Writer’s Diary: 10,000 hours

Sorry for the hiatus in diary posts. The past few weeks I’ve been working full time (YAY!) which is wonderful news for me, but adjusting to the extra hours of work each week has been difficult on my sleeping patterns. I am naturally a night owl, however, the early bird catches the money worms and I now wake up 3 hours earlier than I did when I was part time. The extra work hours haven’t meant that I don’t have time to write anymore, I still have a couple of hours allocated every day for writing. However, with the lack of quality sleep I have just not been able to write productively. When I used to write 1,000 words per hour, I have been struggling to produce 250 words per hour in my tiredness. I haven’t been meeting all of my writing goals and it has been suggested to me that I should cut back from this blog entirely and focus all my energies on other things in my life like my work. So I thought I would outline my arguments for why I write this blog and what it means for me.

It is a widely held belief that to become a master at anything one needs to sink 10,000 hours of time into practice. With a full time job one clocks up that amount of practice easily in seven years: coincidentally the time expected to complete a doctor of philosophy. There is also the phrase, once used to describe manhood, “jack of all trades, master of one,” and as therapy is my profession, I aspire to master being a therapist. To this end I practice my profession every day through my work, through reading, and research, but also through the articles I write and a book I have in the pipeline. However, while therapy work is a passion of mine, and it is my goal to be a master at therapy as a discipline, there are other things I would like to see myself accomplish in my life. Also, I would like to learn to be competent at many other things: baking, fixing cars, homesteading, home improvements, etc…

Writing is my second great love, and I would like to put 10,000 hours of practice into my creative writing and acquire that as my second mastery in life. Now, I spent over a thousand hours last year (2016) writing, and that’s a good start, but I was writing mostly in secret and sharing only about 5% of my work. This  was good exercise but in order to get better I need to write to an audience, hence this blog. It is raising the stakes of my work knowing that people will actually see my work. I have set up Patreon, but I don’t have any intention of relying on my writing to pay any of my bills. The purpose of Patreon was an objective measure if/when my writing becomes excellent so if it stays at just a few dollars per month for a few years then that’s not unexpected for me. The main purpose was to create an outlet and structure for my writing projects to bring to conclusions and to develop the habit of writing daily so that I would always be moving closer to that 10,000 hour mark for writing. If my therapy hours pick up significantly, I will have to cut back on my writing because it is a secondary, but it still means a lot to me.

Regarding regular practice, this is important. Psychologically it is valuable because when one starts a habit like writing every day one is effectively making a promise to oneself. The promise is to invest time and energy into being a better person, to change and grow. This means that each day one doesn’t follow through on a promise made to oneself one is letting oneself down. Consider how you feel about a person who makes promises to you but never follows through with them. Consider how that harms your feelings of affection for that person, will when you make promises to yourself, it affects your feelings towards yourself. In short, promising yourself to do things and then not doing them is a sure way towards learning to loathe yourself. Writing every day is a promise I have made to myself, and writing certainly tests me intellectually. Writing tests my vocabulary, my grammar, my reasoning, my empathy, my powers of observation, my spelling, my self-discipline, my imagination, and my creativity. It is not an easy thing to write tens of thousands of words about something keeping it fresh and at least somewhat consistent. Writing definitely betters me as a person, and each time I hit my writing targets for the week I feel more positively about myself because I trust myself more.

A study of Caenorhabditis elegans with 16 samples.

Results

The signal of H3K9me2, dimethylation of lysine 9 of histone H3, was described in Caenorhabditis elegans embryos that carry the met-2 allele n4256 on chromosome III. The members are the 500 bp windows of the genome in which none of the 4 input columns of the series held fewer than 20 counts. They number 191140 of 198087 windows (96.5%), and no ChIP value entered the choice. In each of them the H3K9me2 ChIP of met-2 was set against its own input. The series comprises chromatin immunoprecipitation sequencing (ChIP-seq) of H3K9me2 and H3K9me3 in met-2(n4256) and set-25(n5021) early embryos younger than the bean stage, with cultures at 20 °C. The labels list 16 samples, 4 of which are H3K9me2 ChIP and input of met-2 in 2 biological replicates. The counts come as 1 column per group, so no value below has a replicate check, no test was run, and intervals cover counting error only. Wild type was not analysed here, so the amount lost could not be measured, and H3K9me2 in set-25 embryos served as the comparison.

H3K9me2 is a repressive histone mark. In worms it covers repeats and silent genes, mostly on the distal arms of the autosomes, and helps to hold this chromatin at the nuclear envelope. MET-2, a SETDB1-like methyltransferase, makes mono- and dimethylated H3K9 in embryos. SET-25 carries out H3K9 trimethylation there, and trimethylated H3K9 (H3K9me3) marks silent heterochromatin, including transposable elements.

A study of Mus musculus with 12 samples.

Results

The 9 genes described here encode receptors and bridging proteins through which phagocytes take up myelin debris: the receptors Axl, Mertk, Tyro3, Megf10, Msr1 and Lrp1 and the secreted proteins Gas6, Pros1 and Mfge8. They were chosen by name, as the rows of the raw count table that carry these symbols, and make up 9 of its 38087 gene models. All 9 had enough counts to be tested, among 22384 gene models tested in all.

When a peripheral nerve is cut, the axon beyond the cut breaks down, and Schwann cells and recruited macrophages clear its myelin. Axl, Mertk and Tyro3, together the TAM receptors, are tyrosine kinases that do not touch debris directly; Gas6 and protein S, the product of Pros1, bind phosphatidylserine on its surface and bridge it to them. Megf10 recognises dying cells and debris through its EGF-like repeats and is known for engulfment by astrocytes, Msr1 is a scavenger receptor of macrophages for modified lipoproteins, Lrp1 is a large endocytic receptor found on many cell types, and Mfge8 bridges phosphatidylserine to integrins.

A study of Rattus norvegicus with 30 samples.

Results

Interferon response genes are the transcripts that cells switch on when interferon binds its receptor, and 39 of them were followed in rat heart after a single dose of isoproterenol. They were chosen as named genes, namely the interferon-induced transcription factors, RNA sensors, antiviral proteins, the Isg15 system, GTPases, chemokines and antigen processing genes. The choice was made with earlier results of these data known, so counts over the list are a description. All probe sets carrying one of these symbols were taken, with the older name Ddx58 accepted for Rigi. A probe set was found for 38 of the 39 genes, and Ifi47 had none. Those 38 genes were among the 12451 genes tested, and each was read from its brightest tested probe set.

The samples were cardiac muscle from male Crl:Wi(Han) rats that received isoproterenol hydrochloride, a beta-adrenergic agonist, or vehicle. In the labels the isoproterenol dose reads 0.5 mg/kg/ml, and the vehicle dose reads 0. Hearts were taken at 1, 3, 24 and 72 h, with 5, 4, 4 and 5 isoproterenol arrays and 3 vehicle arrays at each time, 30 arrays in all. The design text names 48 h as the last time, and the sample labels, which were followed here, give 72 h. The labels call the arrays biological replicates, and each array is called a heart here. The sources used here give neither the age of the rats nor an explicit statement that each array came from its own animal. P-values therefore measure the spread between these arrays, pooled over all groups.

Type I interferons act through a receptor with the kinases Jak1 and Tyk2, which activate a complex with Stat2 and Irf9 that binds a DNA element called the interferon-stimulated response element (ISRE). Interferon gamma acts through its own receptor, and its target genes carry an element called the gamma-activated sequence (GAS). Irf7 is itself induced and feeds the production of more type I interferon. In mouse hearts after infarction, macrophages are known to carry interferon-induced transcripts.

It is also a burden in two senses: the first in that it forces me to be disciplined with my time, organisation, and even when I am feeling too tired to write. The second is that by putting my drafts out in public I have to live with this uncomfortable, even tortuous, self-consciousness of ‘am I improving myself? Am I learning and growing from this? Are the people who read my work appreciative of what I do?’ I actually welcome these burdens in my life and carrying these burdens is weight lifting for the soul. It strengthens the spirit and prepares me for whatever hardships might lie ahead in the rest of my life.

My third great love is art and music. I would like to sink 10,000 hours into that but I just don’t have the time presently to put more than 30 minutes at day into singing practice, and often it isn’t a quality 30 minutes at all. But having these three areas of interests helps me to focus and plan my life out and having a plan for myself takes a great load of my mind. So even though at times this blog feels like a burden to carry, along with my career and relationship burdens, I appreciate it and treat it seriously as an exercise of living the best life for myself.

Author: philosophicaltherapist

I am philosophical therapist based in Australia. However, I offer Skype services for people who live in regional districts, or internationally providing the time zones do not clash. In my practice I emphasise honesty, self-knowledge, curiosity, self-acceptance, self-responsibility, compassion, empathy, respect for emotions, and understanding how key relationships work.